Water can be the Goldilocks of resources – too much and you have flooding, not enough and you have drought. Knowing whether water levels are “just right” is important information for flood forecasters, dam operators, farmers, and the public throughout the province.

This is why, each spring, you will find Jon Pedlar and the rest of the snowpack team – Kate Forbes, Scott Campbell and Rick Pickering – trekking out into some of Alberta’s highest and most remote locations, collecting information on the status of the mountain snowpack.

Operating out of Calgary, Jon monitors snowpack relating primarily to the Bow River Headwaters as well as the Red Deer River. Abandoning more traditional (or boring) transportation, Jon and his coworkers use skis, snowshoes, helicopters and snowmobiles to get to work. According to Jon, water is a precious resource and “monitoring the snowpack provides important information.”

Installing a snow pillow at House Mountain Lookout. Photo: Rick Pickering

One way to do snowpack monitoring is using “snow pillows” – a rubber bladder filled with antifreeze solution laid on the ground before the snow starts to fall. As snow piles up on the pillow, the weight of it pushes on the antifreeze solution inside the pillow. Satellites pick up these measurements hourly. “This enables us to determine the snow water equivalent at that location,” Jon says.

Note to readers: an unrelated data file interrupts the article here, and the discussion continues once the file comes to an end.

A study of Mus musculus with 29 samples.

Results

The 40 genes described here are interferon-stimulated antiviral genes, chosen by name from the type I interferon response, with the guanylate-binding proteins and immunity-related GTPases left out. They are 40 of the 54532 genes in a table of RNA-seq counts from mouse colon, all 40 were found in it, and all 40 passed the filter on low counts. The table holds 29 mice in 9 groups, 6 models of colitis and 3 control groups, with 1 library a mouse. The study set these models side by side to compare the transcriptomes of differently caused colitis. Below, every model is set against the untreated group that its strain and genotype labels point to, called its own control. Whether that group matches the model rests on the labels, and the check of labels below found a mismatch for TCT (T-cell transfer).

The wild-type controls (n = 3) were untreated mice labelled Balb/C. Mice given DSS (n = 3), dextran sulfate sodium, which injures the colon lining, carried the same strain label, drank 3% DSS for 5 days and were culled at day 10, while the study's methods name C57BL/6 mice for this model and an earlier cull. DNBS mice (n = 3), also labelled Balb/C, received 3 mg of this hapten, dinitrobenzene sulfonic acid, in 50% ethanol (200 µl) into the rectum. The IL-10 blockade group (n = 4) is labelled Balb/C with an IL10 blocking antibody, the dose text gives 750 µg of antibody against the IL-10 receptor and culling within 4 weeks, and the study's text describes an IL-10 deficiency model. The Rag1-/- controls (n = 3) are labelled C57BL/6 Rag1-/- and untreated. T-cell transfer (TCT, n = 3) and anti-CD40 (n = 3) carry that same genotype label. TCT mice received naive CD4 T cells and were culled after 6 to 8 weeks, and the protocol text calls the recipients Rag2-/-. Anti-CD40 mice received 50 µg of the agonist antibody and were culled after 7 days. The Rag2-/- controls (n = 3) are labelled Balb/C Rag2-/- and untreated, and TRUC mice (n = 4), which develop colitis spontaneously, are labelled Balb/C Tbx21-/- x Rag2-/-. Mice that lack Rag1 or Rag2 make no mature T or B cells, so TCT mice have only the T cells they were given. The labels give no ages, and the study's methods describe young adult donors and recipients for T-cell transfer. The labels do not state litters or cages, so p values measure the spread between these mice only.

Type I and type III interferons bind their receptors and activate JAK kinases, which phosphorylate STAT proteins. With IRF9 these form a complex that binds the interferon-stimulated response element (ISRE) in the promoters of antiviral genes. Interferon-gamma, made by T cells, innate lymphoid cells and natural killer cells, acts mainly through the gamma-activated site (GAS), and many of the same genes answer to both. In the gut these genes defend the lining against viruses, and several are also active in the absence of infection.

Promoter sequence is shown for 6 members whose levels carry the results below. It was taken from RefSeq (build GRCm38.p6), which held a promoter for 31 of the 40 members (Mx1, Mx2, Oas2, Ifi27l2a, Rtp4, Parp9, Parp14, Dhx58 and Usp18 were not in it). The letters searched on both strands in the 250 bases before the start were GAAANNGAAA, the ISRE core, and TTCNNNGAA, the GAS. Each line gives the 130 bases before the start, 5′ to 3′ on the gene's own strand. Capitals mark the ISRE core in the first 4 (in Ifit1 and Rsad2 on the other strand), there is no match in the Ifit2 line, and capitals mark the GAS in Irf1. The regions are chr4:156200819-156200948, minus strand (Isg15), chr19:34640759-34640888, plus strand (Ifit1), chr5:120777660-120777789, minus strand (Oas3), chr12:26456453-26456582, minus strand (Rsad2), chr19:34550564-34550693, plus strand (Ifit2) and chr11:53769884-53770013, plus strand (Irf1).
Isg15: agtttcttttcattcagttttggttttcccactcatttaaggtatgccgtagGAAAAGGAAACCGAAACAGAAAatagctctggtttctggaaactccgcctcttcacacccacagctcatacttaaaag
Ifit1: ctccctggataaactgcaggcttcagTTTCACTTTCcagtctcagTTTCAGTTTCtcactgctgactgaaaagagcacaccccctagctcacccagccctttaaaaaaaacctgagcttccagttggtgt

While snow pillows provide continuous data from one spot, snow surveying by hand, like what Jon and the rest of the team does, offers a better estimate because they can measure more spots in a particular location. More spots give us more data and more data means better accuracy. The process of snow sampling in the mountain snow packs is straightforward – Jon describes the process as taking snow core samples by sticking an aluminum tube into the snow. He then weighs the snow and converts that measurement to the amount of water it would produce if melted.

The hard part is getting there. “On a good day, the helicopter rides aren’t so bad,” says Jon. Nevertheless, the adventure is worth it; spending time in the great outdoors is what makes Jon’s job unique. Jon and his coworkers have entered the busiest time of year, with some of the lower elevation snowpack already beginning to melt. Jon gauges that levels are at 80% to 90% of the yearly average, depending on where you are looking. “We are at 90% in the Kananaskis area,” Jon estimates, “75% to 80% in Banff.”

The snowpack monitoring team will continue to take mountain samples through to May.